Mike Eckhaus and Zoe Latta’s ideas — especially their visual meditation on the ever-morphing shape of the body — are rich enough to resonate far beyond their community.
By
  • Lauren Sherman

NEW YORK, United States — It's always interesting to wonder what a fashion show would feel like transported to another city; whether it would pass muster beyond its hometown critics and fans. A community of artists and thinkers has condensed around designers Zoe Latta and Mike Eckhaus in the States, both in Los Angeles (where Latta is based) and New York (where Eckhaus lives and where the collection is shown). But their ideas — especially their visual meditation on the ever-morphing shape of the body — are now rich enough to resonate far beyond their inner circle.

And because of that, the conversation around Eckhaus Latta is changing. The commerciality of their sophisticated, near-universally flattering denim, with "L" shaped back pockets that elevate the traditional painter jean, is undeniable. But there was sophistication across their latest collection. Consider this season's great-looking English saddle-coloured suiting, with its broad-shouldered — but not absurdly oversized — blazer and draped wrap skirt, or the patchwork leather jeans in several shades of cream, paired with a matching silk jacquard floral blouse. Sleek, if not slick.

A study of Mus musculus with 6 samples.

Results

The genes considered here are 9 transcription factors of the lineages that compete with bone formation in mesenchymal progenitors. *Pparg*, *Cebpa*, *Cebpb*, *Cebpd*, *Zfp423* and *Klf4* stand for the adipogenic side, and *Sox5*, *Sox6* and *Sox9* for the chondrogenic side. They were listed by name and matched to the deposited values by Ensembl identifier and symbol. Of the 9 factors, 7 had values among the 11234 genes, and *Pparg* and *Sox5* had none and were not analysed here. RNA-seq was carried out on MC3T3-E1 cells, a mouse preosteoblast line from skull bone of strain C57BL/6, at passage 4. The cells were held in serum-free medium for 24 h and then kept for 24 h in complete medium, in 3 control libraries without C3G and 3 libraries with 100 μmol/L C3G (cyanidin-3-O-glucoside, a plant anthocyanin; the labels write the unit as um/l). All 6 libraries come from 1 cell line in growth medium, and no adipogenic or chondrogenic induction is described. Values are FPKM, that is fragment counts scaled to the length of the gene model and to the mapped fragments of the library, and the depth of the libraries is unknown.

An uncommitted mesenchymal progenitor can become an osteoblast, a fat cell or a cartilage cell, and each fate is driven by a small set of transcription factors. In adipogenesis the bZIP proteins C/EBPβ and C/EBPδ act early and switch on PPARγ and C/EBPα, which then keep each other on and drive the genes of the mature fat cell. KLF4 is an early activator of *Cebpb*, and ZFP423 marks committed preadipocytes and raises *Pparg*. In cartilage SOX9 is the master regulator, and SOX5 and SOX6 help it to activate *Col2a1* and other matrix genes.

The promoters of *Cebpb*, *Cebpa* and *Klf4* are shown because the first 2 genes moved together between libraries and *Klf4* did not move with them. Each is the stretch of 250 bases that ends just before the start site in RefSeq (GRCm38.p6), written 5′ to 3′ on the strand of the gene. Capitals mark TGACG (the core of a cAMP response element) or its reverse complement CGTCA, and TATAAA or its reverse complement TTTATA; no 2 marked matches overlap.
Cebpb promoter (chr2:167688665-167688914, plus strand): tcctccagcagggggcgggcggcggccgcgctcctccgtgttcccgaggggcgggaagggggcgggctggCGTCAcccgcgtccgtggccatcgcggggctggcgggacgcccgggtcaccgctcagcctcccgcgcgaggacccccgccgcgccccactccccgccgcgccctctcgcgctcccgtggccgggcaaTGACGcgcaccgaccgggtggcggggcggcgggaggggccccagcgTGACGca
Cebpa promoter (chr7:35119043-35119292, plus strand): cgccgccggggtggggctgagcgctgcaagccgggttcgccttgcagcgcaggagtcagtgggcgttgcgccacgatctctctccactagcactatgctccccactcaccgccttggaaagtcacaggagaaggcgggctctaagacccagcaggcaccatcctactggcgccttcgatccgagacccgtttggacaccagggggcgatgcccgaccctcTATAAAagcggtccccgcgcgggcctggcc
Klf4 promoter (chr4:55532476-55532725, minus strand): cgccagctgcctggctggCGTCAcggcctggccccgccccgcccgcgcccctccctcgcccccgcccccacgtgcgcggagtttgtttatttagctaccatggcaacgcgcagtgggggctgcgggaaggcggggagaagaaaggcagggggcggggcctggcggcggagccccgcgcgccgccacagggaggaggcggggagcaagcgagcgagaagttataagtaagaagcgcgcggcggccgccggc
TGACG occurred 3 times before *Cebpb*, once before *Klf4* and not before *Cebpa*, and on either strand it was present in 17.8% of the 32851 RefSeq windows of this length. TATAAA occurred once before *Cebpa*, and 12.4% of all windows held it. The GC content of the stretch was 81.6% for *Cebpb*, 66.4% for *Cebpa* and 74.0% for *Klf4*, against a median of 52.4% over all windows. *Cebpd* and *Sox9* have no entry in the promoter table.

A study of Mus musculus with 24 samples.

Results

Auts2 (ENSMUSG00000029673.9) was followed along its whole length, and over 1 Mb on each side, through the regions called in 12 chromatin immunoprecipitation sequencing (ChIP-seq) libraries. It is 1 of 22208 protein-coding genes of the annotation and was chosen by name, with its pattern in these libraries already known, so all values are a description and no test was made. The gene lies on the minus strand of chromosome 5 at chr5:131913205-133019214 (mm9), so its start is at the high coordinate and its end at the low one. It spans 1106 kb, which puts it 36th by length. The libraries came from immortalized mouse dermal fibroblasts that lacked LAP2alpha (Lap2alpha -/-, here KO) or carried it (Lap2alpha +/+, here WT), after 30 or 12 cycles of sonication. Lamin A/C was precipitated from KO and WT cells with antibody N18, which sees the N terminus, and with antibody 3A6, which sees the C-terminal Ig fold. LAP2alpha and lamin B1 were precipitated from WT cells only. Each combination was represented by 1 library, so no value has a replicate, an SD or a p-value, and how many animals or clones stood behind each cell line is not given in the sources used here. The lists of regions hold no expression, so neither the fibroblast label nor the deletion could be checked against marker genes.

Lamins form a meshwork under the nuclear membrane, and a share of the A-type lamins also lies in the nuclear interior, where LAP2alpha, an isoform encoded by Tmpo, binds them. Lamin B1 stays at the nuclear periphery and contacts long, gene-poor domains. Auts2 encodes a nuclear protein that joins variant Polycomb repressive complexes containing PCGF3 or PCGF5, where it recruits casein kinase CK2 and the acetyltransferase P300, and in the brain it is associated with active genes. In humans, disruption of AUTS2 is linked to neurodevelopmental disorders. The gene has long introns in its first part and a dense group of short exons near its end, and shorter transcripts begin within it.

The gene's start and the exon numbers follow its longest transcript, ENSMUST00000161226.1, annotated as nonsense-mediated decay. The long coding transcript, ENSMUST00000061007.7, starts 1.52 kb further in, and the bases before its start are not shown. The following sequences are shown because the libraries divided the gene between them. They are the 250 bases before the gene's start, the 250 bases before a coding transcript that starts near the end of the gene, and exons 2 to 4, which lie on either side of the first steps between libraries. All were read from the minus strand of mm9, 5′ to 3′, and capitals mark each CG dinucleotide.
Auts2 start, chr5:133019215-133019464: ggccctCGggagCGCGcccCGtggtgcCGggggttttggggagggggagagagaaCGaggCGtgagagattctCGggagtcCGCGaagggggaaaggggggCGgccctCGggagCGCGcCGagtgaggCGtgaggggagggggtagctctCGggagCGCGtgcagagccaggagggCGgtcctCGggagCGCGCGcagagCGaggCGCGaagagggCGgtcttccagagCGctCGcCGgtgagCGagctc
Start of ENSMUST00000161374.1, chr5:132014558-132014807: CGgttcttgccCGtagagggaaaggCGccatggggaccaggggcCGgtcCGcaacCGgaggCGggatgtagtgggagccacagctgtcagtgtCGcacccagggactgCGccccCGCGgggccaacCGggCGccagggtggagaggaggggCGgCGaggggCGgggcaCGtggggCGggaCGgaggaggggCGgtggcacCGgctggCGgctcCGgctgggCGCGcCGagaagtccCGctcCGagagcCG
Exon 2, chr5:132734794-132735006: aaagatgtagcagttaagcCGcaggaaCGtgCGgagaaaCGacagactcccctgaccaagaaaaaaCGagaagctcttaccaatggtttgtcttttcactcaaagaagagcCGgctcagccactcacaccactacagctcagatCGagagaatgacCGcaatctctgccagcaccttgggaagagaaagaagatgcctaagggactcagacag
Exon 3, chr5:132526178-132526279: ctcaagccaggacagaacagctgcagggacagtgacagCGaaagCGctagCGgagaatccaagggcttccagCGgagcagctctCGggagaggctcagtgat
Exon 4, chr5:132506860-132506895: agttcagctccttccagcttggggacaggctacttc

While the intentional naiveté might be dissipating from their work, Latta and Eckhaus are not working with coat-hanger models, and they're not aiming to redefine or transform the characters they’re dressing by covering up differences in body type, which means the clothes don’t always fit perfectly: some things may ride up a bit in the front, or gap in the back. This happens when you don’t cast uniformly bodied models. However, the results are far from a turn off. Instead, the clothes look pliable and almost carnal: instead of creating a structure around a body, these clingy knits and sculpted cocoon coats mold to the body’s shape. Considering the way Latta and Eckhaus explain how they design — they do individual drawings and then “serve as each others consultants,” Latta explains — you can almost see their iterative process in the clothes.

What comes next for Eckhaus Latta, which is currently looking for a business partner, will very much depend on the designers’ commitment to nurturing their creative partnership. Now that this no longer feels like an extended master’s thesis, it could go a lot of different ways, which is thrilling to think about.